Finding the right firm Featured

10:58am EDT October 28, 2005

A former fraternity brother recently searched for outplacement help. He was in his mid-40’s, a former senior vice president of a top-ten financial services firm, holder of an MBA from a top-tier school and recognized as an industry expert. Yet, his company was acquired and the acquirer’s team was in, meaning he was out.

The psych report from his outplacement firm indicated he was highly anxious and his adviser (who was twenty years his junior) told him that he needed to begin working with their database and to start sending out his resume. He was overwhelmed, and the weekly group discussion with other outplaced executives felt like a cancer support group.

Although smart and accomplished, this fraternity brother made a huge mistake selecting his outplacement firm. As a typical upwardly mobile executive, he had never been out of work, had never solicited a job and had always been actively recruited by search firms and CEOs.

He was completely uninformed about how to look for a job. The outplacement firm told him that they had an excellent network and could find him a job. Instead, he got a computerized database, a one-page psychological profile, help writing his resume, an inexperienced junior adviser and a shared office.

While almost all senior executives want to continue being engaged in some sort of work, only 50 percent want to return to a similar position or a traditional job.

The other half want to explore consulting, boards, entrepreneurial opportunities, teaching and nonprofit activities. In many cases, executives pursue a variety of activities that capitalize on their knowledge and experience, but that don’t have the pressures of a high-level job.

Before interviewing an outplacement firm, ask yourself the following questions.

  • How do I want to spend my time?

  • What was my favorite job?

  • What did I used to enjoy doing that I don’t do any more?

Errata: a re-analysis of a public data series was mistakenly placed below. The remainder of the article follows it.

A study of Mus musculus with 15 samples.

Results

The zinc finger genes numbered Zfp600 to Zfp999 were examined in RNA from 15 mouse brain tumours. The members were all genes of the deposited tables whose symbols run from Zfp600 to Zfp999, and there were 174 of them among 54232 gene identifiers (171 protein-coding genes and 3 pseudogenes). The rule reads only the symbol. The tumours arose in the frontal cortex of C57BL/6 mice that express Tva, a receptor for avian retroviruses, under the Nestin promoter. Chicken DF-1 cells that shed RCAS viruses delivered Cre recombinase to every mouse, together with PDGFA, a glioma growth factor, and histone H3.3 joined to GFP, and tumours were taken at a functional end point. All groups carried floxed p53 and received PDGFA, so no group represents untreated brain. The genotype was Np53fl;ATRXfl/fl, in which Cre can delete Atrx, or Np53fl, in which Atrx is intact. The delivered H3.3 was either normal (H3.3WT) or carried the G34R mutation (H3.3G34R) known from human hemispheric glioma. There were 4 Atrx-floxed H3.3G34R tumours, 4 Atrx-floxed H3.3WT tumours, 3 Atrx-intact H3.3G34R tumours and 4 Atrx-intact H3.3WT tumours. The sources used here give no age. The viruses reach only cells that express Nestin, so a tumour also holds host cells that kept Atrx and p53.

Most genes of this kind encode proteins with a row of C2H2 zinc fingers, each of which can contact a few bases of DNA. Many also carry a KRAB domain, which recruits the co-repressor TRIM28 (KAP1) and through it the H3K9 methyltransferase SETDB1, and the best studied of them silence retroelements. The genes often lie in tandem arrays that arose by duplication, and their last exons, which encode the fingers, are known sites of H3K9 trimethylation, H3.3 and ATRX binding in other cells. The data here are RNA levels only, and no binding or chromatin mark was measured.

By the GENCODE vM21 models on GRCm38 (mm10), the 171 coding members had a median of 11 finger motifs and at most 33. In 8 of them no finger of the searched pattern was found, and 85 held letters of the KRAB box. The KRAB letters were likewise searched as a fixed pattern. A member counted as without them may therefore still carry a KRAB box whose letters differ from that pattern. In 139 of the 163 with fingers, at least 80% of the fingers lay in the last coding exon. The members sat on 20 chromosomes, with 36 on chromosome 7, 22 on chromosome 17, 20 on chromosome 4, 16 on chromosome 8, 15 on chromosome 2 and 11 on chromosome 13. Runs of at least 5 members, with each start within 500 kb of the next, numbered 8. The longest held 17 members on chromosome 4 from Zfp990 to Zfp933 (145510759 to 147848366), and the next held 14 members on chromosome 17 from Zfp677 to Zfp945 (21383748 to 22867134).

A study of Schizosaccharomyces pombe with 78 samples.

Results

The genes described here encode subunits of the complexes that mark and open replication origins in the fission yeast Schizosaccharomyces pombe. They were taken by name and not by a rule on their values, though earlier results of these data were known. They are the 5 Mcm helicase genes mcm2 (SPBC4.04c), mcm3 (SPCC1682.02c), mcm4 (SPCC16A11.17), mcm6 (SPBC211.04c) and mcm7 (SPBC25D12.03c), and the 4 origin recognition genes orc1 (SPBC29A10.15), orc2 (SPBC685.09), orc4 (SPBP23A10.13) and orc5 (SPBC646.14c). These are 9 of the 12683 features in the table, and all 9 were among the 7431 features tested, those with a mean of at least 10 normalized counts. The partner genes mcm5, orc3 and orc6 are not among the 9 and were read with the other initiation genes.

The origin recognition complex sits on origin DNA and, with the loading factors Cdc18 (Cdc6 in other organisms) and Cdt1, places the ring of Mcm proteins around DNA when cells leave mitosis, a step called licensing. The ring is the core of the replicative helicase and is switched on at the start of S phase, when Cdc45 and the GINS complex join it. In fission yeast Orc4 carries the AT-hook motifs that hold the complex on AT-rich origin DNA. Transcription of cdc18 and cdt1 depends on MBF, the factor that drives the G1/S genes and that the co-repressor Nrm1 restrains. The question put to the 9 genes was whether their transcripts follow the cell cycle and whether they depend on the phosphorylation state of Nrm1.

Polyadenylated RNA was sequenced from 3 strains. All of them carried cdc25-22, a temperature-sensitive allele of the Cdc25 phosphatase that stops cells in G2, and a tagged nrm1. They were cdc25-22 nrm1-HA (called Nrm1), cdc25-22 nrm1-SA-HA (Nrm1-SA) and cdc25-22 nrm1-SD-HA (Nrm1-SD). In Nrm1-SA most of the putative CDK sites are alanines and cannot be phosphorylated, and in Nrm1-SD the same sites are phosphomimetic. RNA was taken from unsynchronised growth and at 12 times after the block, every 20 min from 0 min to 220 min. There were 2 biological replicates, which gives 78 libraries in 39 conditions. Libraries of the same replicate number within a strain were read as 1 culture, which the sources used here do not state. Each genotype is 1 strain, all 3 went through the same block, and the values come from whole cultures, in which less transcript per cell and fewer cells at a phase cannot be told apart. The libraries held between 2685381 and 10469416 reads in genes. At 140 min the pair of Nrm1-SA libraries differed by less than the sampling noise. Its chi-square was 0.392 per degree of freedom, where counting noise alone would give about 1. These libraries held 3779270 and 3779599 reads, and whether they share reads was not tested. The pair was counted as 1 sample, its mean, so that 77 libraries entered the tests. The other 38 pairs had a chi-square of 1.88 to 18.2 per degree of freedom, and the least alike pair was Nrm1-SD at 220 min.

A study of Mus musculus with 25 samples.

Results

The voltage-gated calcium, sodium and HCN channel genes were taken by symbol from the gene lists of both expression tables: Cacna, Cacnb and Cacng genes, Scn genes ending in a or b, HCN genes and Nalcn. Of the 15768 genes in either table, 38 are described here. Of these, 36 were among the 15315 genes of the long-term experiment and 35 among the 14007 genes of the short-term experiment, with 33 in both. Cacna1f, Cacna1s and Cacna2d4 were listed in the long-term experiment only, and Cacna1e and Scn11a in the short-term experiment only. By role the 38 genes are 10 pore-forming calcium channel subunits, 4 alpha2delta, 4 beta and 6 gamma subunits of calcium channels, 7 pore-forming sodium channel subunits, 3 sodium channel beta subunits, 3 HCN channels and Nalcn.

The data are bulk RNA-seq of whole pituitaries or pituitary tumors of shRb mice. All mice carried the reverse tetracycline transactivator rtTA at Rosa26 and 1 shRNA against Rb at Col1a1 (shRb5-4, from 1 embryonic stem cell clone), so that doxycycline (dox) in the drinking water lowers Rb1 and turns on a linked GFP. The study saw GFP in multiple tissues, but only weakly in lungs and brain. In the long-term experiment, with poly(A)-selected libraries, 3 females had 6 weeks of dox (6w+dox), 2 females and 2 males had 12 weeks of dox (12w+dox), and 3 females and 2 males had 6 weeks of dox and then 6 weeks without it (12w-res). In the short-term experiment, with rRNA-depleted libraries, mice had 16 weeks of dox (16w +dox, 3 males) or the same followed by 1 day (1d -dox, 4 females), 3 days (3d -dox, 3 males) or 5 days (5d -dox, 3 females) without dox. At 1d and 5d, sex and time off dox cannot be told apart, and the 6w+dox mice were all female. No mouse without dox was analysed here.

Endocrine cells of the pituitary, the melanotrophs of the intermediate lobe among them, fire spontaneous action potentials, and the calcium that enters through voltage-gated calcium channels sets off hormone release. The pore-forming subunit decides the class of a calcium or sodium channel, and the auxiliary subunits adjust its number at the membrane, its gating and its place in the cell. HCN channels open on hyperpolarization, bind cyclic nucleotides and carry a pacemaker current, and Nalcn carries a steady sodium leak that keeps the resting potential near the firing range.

• What are the characteristics of the people that I want to be around?

  • What type of culture will I enjoy?

  • What parts of my work do I want to avoid?

  • What do my spouse and family need?

With the clarity that comes from answering those questions, you will have a different approach when you interview outplacement firms. Consider the following questions during that interview.

  • What is your experience working with top executives?

  • What is the average cash compensation of your clients?

  • Who would be my adviser? What is his or her corporate experience?

  • How have you helped a client with a nontraditional search and what resources did you make available?

  • How will you help me network with CEOs and other senior business leaders?

  • With what search firms and practice leaders do you work?

  • With what private equity firms do you work? Describe a situation in which you helped a client secure a business opportunity through a PE firm.

  • How long does it typically take for someone at my age, with my goals, in my industry obtain employment?

  • Walk me through the steps you would take to help me buy a company or start my own company.

  • Describe your assessment process and the person who leads it.

  • How could you help me find a job in another city? In another country?

  • Describe how you helped a client negotiate his new employment contract.

  • How do you ensure that your client’s compensation package is competitive?

  • What services do you provide once a client accepts a new position?

Your transition firm is the link to your professional future. As a business leader, you are used to performing due diligence on business deals. Should you do any less to make sure that your next career move is successful?

Hugh A. Shields is a principal in Shields Meneley Partners, a firm that provides confidential career and life transition services to senior executives. Reach him at (312) 994-9500 or at hshields@shieldsmeneley.com. To learn more about Shields Meneley Partners, visit www.shieldsmeneley.com.